A prediction: in the early stages of Monday's game at Anfield, Arsenal will play a pass deep in their own half under intense Liverpool pressure and their fans' stomachs will churn. Meanwhile, Mikel Arteta will be calm.
"I get nervous when we kick the ball long!" the Arsenal manager has said. “The quicker it goes there, the quicker it comes back."
It is because of Arteta that Arsenal travel to Liverpool with optimism and hope - not necessarily of winning - but of competing with the champions. Since Jurgen Klopp's arrival, Arsenal have been blown off the pitch at Anfield: conceding 18 goals in their last five league visits, losing four and drawing one. Under Arteta, they have beaten Liverpool 2-1 at the Emirates and produced an encouraging performance in the Community Shield which they won on penalties. Can they repeat the trick at Liverpool's fortress?
The Premier League victory was far from a manifestation of Arteta's footballing ideals. Liverpool were utterly dominant but Arsenal capitalised on rare gifts offered by Virgil van Dijk and Alisson. As Arteta admitted post-match, "it wasn't part of the game plan" for Liverpool to have 69 per cent possession and out-shoot Arsenal 24 to three. Arsenal had fortune on their side, but also earned credit for forcing errors through improved pressing from the front. Who to pick at centre-forward, Alexandre Lacazette or Eddie Nketiah, is one of Arteta's key selection dilemmas. Both are industrious though Nketiah is sharper.
If the game at the Emirates was hardly a technical exhibition, holding on against an elite opponent did provide a psychological boon. Three days later, Arsenal beat Manchester City in the FA Cup semi-final. They also defended resolutely in a back five, with Kieran Tierney coming to the fore with what was then his standout defensive performance in a red and white shirt. After some difficult moments in the first half, he grew stronger in his battle against Mohamed Salah. At the Emirates, Salah had just 27 touches, significantly fewer than his season average of 43.9 per 90 minutes.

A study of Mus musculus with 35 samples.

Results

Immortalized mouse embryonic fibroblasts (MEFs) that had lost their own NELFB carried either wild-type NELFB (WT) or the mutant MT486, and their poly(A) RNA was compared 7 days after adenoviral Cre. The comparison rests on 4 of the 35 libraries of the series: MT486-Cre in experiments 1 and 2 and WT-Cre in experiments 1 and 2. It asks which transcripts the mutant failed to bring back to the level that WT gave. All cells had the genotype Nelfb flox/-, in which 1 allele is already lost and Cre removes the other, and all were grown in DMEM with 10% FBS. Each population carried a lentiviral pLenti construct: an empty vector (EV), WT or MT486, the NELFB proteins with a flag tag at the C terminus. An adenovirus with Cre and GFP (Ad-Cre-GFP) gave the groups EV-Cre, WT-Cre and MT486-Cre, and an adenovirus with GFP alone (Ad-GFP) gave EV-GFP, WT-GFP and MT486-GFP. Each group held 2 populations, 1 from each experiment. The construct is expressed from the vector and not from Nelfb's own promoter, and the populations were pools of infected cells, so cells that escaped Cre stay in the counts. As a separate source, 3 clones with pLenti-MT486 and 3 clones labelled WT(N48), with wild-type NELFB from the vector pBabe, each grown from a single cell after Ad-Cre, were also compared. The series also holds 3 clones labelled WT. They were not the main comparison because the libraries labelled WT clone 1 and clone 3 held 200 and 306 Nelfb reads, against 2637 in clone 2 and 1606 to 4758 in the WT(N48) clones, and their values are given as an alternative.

He was remarkably quiet in the Community Shield, when Ainsley-Maitland Niles flanked Tierney at left-wing back. If Salah starts centrally and drifts wide, Tierney is comfortable defending the flanks as a natural full-back. If Salah starts wide and comes in, Maitland-Niles is comfortable defending inside as a right-footer who has played fleetingly in central midfield. Maitland-Niles has expressed a desire to play higher up the pitch, but has carved out a niche as a defensive neutraliser of tricky opponents and will likely be preferred to Bukayo Saka at Anfield.
Arsenal's switch to 3-4-3 after a damaging defeat at Brighton was an important moment in Arteta's fledgling reign, although he bristles when Arsenal's system is described as a back three or five. They in fact operate with a hybrid system, defending in an orthodox five when the opposition have good possession but flipping to a four on the ball. Maitland-Niles or Saka move into the left half-space - the vertical channel between the wing and the centre of the pitch - in effect acting as an extra central midfielder, with Tierney pushing out to left-back.
These movements are based on the positional principles Arteta was schooled in under Pep Guardiola, who divides the training pitch into zones. Only two players can occupy the same vertical zone and only three players can occupy the same horizontal zone. You will therefore not see Tierney, Maitland-Niles and Pierre-Emerick Aubameyang on the left flank at the same time - one will be in a more central position. As Tierney put it: “You should know where the left mid’s going to be, the centre-mid, so you can just play in sync. Everybody’s one brain."
Having Maitland-Niles as a spare man can help create triangles in build-up and help Arsenal play out from the back, something they did to superb effect in the Community Shield. It has become Arsenal's trademark goal: a sweeping move from back to front that starts with intricate play in their defensive third and ends with direct devastation. These moves resemble counter-attacks and are often described as such, but that is not strictly accurate because there is no turnover of possession.
At Wembley, goalkeeper Emiliano Martinez, Mohamed Elneny and Rob Holding combined to beat Liverpool's first line of pressure before Hector Bellerin faded a ball into the space behind the advanced Andy Robertson to free Saka. Liverpool's defence had to shuffle across leaving Aubameyang free for the big switch of play and he did the rest with a sumptuous finish. Martinez has since moved to Aston Villa, and how Bernd Leno performs with the ball at his feet could be decisive at Anfield.
An old football adage is 'go long to play short', but the aim of playing out from the back is to 'go short to play long'; draw the opposition on, and exploit the space vacated with direct play once the press has been beaten. "We have to try to find ways of how we can hurt them," said Arteta while sounding a note of caution. "This is how they break a lot of teams down, when you feel comfortable with a little bit of space, and then the next minute you are punished."
Arsenal's play must be measured, precise and they need to hold their nerve. It is scary stuff, but also the only way they can give Liverpool a fright.